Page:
The Private Sector Commission (PSC) today said that the Petroleum Agreement between Guyana and ExxonMobil’s subsidiary and its partners was deficient in key areas and better negotiators should be hired for future contracts.
A statement from the PSC follows:
Hire Better Negotiators for Future Contracts
The Private Sector Commission (PSC) of Guyana has noted the disclosure of the Petroleum Agreement between ExxonMobil, Hess Corporation and CNOOC and the Government of Guyana.
While we believe that the disclosure of the Agreement bodes well for a transparent and accountable oil and gas industry, we have some concerns.
Based on the information provided we can now make an objective assessment of the terms of the Agreement.
As an initial commentary, it is the opinion of the PSC that much more could have been done to incorporate local content. In addition, we were expecting that greater benefits would have accrued to local businesses. This, we find, is sadly lacking.
With respect to the International Monetary Fund (IMF) suggestions regarding provisions for exploration and developmental costs, we find that the ring-fencing provisions have not been addressed. As a result, Guyana will be left to bear the costs of unsuccessful exploration.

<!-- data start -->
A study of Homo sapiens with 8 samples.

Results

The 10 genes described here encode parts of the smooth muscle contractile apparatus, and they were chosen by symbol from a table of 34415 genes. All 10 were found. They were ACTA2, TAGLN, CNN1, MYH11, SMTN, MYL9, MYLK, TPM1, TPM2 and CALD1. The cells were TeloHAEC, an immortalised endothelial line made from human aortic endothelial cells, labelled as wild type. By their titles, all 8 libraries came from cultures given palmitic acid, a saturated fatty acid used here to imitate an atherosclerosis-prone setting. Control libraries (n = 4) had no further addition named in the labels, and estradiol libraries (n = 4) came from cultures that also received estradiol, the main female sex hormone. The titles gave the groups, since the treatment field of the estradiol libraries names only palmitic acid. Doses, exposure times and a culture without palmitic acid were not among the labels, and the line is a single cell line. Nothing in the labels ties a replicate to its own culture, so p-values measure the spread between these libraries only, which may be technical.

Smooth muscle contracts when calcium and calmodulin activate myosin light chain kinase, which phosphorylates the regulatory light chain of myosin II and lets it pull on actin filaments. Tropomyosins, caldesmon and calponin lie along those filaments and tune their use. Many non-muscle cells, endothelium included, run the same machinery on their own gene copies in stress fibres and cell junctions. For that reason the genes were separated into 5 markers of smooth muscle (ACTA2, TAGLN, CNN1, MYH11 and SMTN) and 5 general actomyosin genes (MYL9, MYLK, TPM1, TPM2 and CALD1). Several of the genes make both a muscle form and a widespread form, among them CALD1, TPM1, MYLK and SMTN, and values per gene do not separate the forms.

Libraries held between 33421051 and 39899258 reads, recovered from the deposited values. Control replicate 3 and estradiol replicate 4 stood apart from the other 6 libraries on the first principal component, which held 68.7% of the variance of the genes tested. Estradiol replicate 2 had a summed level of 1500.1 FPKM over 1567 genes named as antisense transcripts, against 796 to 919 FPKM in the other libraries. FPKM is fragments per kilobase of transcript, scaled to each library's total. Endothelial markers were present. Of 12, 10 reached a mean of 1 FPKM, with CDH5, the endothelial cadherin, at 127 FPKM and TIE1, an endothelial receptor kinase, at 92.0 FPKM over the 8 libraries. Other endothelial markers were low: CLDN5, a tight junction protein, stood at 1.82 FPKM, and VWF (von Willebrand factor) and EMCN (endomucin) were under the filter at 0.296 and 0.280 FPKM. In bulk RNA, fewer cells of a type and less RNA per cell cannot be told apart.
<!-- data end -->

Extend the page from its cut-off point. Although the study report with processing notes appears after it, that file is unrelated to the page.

A matter of great interest also is the fact that given the early stage of development, Guyana does not have the right to re-negotiate the terms of the Agreement. This is specified in Article 32, Stability of Agreement Clause, of the contract. We are concerned, since this Agreement encompasses the entire Stabroek Block, an area of 6.6 million Acres of water with 3.2 billion barrel of equivalent oil (BOE) so far. With the projected massive oil discoveries the Commission believes that there should be increased flexibility given to the Government of Guyana, to ensure a fair and equitable deal on both sides.
At present the cost of energy is the primary limitation to the expansion of business and growth in Guyana. There is nothing in the Agreement to indicate that with Guyana owning such large oil reserves, this would translate into reduction of the costs of energy to Guyanese. The business sector and general populace of Guyana deserve to benefit directly from the abundance of oil at its disposal and we look forward to seeing future Agreements for other blocks offshore include provisions with greater benefits to Guyana and its people.
We also expect that, for all other blocks offshore, the Agreements with operators/contractors will consist of provisions that will ensure Guyana receives more royalty, rents, training and development for Guyanese and better local benefits for all Guyanese through the enlisting of the services of world class negotiators who can competently negotiate with major oil companies.